Arsenal 1 (Adebayor 23) Liverpool 1 (Kuyt 26)
After nights like these, you don’t know whether to feel optimistic for the second leg or not. There’s no doubt that Liverpool got away with it, especially in the second half when they had to defend valiantly for practically the whole 45 minutes, and their record suggests that this is what they do best – soak up the attacks, frustrate and then hit back an Anfield. On the other hand, if the team plays anything like they did tonight at Anfield, Liverpool’s solitary away goal will surely be matched.
The opening exchanges were cagey, but as both teams settled Arsenal took hold, Van Persie looking lively, volleying over from a superb Flamini pass and then forcing an excellent save from Reina. A goal was coming, but how it came about was the surprising part. It is easy to forget that van Persie’s set piece expertise isn’t restricted to free kicks, he delivers deadly corners too, and his superb cross found Adebayor unmarked six yards out, having the simplest job of heading home. Liverpool’s defending was woeful, splitting badly and giving the biggest man in the box the freedom of London.
The lead didn’t last long, and there was as much culpability for the equaliser as there had been for the opener. Gerrard rode some weak challenges to square for Kuyt, who was stronger than Clichy in forcing the ball home. Suddenly the tide had turned, and the team seemed rattled, perhaps an indication that confidence levels were still at fragile levels.
Gallas and Senderos were marshalling Torres superbly, but Carragher was harrying Adebayor in equal measure and the game became compressed. It didn’t help that Hleb was struggling on the left, while Eboue was contributing absolutely nothing on the right.
I missed the first minute of the second half, but was delighted to see Walcott on, wrongly assuming the hapless Eboue had been hauled off early. Not the case, Van Persie picking up another injury, but Wenger claims that it was only a precaution and he should hopefully be fit for the second leg.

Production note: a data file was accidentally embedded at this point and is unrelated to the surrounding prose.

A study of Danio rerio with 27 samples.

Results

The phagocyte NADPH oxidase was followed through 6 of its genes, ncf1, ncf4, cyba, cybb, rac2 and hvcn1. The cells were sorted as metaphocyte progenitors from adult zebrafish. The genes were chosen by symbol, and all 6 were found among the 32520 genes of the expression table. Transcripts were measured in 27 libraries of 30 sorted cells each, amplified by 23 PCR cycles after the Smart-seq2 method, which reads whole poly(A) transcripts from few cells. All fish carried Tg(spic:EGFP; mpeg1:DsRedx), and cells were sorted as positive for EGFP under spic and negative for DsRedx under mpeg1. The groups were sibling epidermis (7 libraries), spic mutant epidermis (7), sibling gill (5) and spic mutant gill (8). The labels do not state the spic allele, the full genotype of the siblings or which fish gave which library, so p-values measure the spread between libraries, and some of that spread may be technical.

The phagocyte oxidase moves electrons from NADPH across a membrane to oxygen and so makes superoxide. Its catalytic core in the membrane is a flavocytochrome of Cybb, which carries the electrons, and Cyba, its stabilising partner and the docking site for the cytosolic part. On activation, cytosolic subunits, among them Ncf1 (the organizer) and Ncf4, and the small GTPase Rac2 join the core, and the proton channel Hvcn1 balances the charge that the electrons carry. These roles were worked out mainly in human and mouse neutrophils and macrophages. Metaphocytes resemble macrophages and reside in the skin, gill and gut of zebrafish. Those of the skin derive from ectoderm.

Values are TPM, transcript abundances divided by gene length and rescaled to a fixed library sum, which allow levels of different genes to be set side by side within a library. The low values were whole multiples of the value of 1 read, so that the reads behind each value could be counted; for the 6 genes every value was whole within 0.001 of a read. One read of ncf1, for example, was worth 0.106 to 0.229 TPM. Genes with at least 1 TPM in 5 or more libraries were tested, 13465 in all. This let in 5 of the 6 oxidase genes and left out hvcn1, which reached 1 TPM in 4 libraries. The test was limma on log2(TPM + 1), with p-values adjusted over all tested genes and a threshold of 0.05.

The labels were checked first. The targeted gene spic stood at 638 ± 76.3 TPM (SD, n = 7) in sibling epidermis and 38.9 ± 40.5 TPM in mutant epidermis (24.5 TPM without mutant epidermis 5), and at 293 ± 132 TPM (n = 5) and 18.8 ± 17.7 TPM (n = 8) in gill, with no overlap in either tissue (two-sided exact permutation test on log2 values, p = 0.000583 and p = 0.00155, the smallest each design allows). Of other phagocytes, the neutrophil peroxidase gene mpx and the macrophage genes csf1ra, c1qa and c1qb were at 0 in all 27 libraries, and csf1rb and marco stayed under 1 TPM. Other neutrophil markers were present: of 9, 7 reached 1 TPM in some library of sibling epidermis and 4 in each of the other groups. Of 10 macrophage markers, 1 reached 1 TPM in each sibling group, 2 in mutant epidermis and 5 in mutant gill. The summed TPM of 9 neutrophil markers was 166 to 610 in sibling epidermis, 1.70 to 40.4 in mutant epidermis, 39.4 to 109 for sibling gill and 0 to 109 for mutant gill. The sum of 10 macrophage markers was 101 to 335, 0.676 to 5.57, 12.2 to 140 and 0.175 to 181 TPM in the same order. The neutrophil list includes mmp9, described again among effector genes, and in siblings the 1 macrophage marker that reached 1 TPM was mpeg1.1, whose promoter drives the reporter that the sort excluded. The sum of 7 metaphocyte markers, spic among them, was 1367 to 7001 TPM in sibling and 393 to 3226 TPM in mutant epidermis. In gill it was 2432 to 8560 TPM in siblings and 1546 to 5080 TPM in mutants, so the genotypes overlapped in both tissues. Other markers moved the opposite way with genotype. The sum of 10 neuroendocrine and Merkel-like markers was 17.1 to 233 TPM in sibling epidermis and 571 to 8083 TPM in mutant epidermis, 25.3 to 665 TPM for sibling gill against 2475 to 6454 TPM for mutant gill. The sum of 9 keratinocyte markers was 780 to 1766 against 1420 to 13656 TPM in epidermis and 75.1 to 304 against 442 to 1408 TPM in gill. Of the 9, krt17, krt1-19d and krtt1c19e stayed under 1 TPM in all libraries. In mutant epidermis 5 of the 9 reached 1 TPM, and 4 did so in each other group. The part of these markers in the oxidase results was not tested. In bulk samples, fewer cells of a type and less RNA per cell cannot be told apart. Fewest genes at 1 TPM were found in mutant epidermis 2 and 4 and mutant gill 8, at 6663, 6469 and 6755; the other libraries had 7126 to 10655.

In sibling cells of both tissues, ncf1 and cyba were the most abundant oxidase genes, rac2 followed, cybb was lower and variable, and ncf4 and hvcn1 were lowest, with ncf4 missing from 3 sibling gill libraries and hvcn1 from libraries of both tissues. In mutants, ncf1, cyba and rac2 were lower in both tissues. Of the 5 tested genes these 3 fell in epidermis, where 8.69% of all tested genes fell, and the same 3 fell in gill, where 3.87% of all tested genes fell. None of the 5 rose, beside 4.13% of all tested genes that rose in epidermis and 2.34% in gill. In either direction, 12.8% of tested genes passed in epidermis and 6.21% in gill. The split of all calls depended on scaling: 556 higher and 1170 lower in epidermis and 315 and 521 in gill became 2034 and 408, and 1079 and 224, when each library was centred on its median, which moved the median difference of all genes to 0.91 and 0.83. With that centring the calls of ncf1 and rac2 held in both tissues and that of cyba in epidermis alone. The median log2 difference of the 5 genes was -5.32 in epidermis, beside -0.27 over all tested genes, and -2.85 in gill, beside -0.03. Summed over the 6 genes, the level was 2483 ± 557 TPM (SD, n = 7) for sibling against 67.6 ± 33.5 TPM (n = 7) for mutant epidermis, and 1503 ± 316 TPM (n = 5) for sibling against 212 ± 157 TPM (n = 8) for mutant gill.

Walcott fired a piledriver wide, while Hleb began to thrive in the support striker role he loves so much. And then came the moment that leaves a bitter taste in the mouth – Hleb made a stunning run, dancing between four players, before Kuyt clearly grabbed him arm and hauled him down. What made it galling was the view of the referee, five yards to the side of the offending arm, with an unbroken and perfect view of the incident. Inexplicably, he didn’t give the penalty.
Otherwise, it should be noted, he had a decent game, trying his best to let the game flow and keeping his cards in his pockets for the whole match. But he bottled his biggest decision. Still, with Reina such a adept penalty saver and Van Persie off the field, a goal was by no means guaranteed.
The game still should’ve been won, Cesc’s goalbound poke being stopped on the line by Bendtner, who got his legs tangled trying to get out of the way. It was an unfortunate moment more than anything, criticism cannot really be levelled at the striker, who just wasn’t fleet footed enough to step over the ball.
The last twenty minutes were full of nearly moments, admittedly with Liverpool occasionally looking dangerous on the break. But in the end, the defences came out on top, nullifying every threat that came their way, and the match ended all square.
No doubt the media will now favour Liverpool, and I’m sure in the reverse situation we’d now fancy our chances. But Benitez has a strange tactical mind – not needing to score, they may try to keep things tight next week and invite pressure, which is likely to be a terrible mistake. They tried to shut up shop at Anfield in the league early in the season after scoring early, and failed. In fact, they should’ve been well beaten that day.
Liverpool will be happy with this result, but there is no reason for us to be downhearted. We were the better team, and also were at Anfield months ago. Don’t forget the two cups wins at Anfield last season either, it is not the fortress it once was. Had they got two away goals, we would’ve been in real trouble, but there is no reason we can’t score the one goal we need. Before then, we need to continue the second half momentum by claiming three points on Saturday.
In amongst all this positivity, I cannot fail to mention Eboue, who was utterly hopeless tonight. On one occasion he could’ve scored had he gambled and attacked a cross from the left, on another he sliced wildly. Every time he tried to beat his man he lost the ball, his delivery was poor and he even managed to get in a trademark dive when he would’ve been in a decent position had he stayed on his feet.
This time last season many were questioning Hleb’s future, as the most infuriating player in the team. But at least with Hleb you could see what was happening, and now and then the Hollywood balls he would attempt came off. And he always tried his best. Eboue, on the other hand, isn’t a goal threat, is a red card waiting to happen, and simply serves no purpose in this team.
The trouble is, Diaby isn’t playing well, Rosicky’s injured, and Walcott remains an effective substitute, so options are limited. I just don’t see what he offers that others do not. We have young players able to step up, why not give them a chance now that players need a rest?
Maybe he’ll prove me wrong and score the crucial goal an Anfield next week. I won’t hold my breath.